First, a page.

Keith Wildhaber, an officer with the St Louis county police, filed a lawsuit against the department in late 2017.
Lt. Keith Wildhaber, who is gay, claims that he was passed over for promotions because of his sexual orientation. Namely, that he was gay. In his lawsuit Wildhaber claimed that John Saracino, member of the St. Louis County Board of Police Commissioners, told him that his superiors had "a problem with your sexuality."
If he wanted a promotion, Wildhaber was allegedly told to "tone down your gayness"
A jury in October awarded Lt. Keith Wildhaber nearly $20 million after agreeing that he was correct in his allegations. The two sides then went into mediation to try to reach a settlement.
Jurors in St Louis county court also heard that a police captain had called Wildhaber “fruity”. “I was sickened by it,” Wildhaber told the court last week, according to the St Louis Post-Dispatch .
This week Lt. Keith Wildhaber settled with the county for $10.25 million, according to his attorneys.
In a statement from the St. Louis County press release stated: "I want to start by recognizing Lt. Wildhaber’s experience – no one should be made to feel less than by their employer because of who they love. Discrimination is not the path forward for us as people, nor is it the way we should get ahead as a county."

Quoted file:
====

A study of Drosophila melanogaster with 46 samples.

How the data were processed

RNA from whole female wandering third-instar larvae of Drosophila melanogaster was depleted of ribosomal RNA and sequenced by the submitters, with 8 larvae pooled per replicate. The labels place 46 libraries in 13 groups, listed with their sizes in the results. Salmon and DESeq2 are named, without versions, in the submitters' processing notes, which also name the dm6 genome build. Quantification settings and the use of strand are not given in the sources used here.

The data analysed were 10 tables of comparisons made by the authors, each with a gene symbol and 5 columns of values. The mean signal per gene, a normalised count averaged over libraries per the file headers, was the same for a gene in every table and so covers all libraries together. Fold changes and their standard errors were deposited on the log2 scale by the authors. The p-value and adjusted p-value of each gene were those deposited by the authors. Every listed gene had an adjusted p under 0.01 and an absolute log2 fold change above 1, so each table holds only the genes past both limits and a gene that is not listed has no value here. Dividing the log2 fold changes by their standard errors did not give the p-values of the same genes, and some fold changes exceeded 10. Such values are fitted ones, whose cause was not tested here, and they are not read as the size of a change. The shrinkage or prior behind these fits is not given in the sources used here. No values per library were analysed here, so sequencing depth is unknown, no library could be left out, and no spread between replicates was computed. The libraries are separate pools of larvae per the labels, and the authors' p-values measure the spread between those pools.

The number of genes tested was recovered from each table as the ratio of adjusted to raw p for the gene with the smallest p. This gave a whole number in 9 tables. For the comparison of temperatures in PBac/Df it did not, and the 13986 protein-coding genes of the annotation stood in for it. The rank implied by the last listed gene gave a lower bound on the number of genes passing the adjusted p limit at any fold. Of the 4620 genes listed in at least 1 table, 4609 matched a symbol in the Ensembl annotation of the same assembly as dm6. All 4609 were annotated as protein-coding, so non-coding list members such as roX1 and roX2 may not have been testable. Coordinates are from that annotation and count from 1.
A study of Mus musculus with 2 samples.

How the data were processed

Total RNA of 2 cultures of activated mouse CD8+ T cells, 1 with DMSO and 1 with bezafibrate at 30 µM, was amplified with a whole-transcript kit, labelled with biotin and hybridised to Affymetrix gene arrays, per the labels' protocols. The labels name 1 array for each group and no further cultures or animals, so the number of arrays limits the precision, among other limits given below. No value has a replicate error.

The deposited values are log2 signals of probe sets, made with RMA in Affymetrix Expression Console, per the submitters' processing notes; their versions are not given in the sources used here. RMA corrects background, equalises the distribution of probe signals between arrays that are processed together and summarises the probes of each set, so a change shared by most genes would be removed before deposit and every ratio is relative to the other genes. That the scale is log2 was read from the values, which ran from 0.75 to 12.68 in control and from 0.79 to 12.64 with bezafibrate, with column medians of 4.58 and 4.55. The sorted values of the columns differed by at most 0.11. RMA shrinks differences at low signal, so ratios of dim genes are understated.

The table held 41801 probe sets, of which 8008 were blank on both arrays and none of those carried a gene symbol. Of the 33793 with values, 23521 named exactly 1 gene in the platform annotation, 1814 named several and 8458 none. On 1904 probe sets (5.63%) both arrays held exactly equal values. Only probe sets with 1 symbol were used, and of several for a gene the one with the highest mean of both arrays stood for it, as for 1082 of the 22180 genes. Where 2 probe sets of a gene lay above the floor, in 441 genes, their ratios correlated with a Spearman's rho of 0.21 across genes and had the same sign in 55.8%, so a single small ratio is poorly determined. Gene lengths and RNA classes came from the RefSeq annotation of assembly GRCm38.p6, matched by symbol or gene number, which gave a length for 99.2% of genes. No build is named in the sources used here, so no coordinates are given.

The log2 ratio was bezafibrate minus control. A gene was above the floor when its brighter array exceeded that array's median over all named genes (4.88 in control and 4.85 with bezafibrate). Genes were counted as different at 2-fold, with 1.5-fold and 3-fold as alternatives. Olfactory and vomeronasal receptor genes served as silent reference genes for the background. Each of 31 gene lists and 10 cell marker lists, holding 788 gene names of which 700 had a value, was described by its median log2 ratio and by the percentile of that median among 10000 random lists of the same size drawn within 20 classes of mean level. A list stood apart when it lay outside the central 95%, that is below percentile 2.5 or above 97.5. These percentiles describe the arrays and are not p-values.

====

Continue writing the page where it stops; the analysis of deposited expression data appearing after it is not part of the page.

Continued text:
The $10.25M settlement was fair compromise to both Lt. Wildhaber and the County. It serves as compensation for what Lt. Wildhaber experienced, but it also saved the County at least $11M.
The jury had a message they told reporters, “If you discriminate you are going to pay a big price. … You can’t defend the indefensible.”
"Keith is of the highest character, and this litigation journey began when Keith became tired of enduring unlawful treatment," Russ Riggan and Sam Moore, attorneys for Wildhaber, said in a statement. "In doing so, he endured further and even more intense discrimination and retaliation."
After the lawsuit, Wildhaber was promoted to lieutenant and was named the commander of St. Louis County Police Department’s new Diversity and Inclusion Unit.
Before the trial started, Wildhaber and his lawyers had offered to settle the case for $850,000 plus an immediate promotion to lieutenant but their offer was ignored.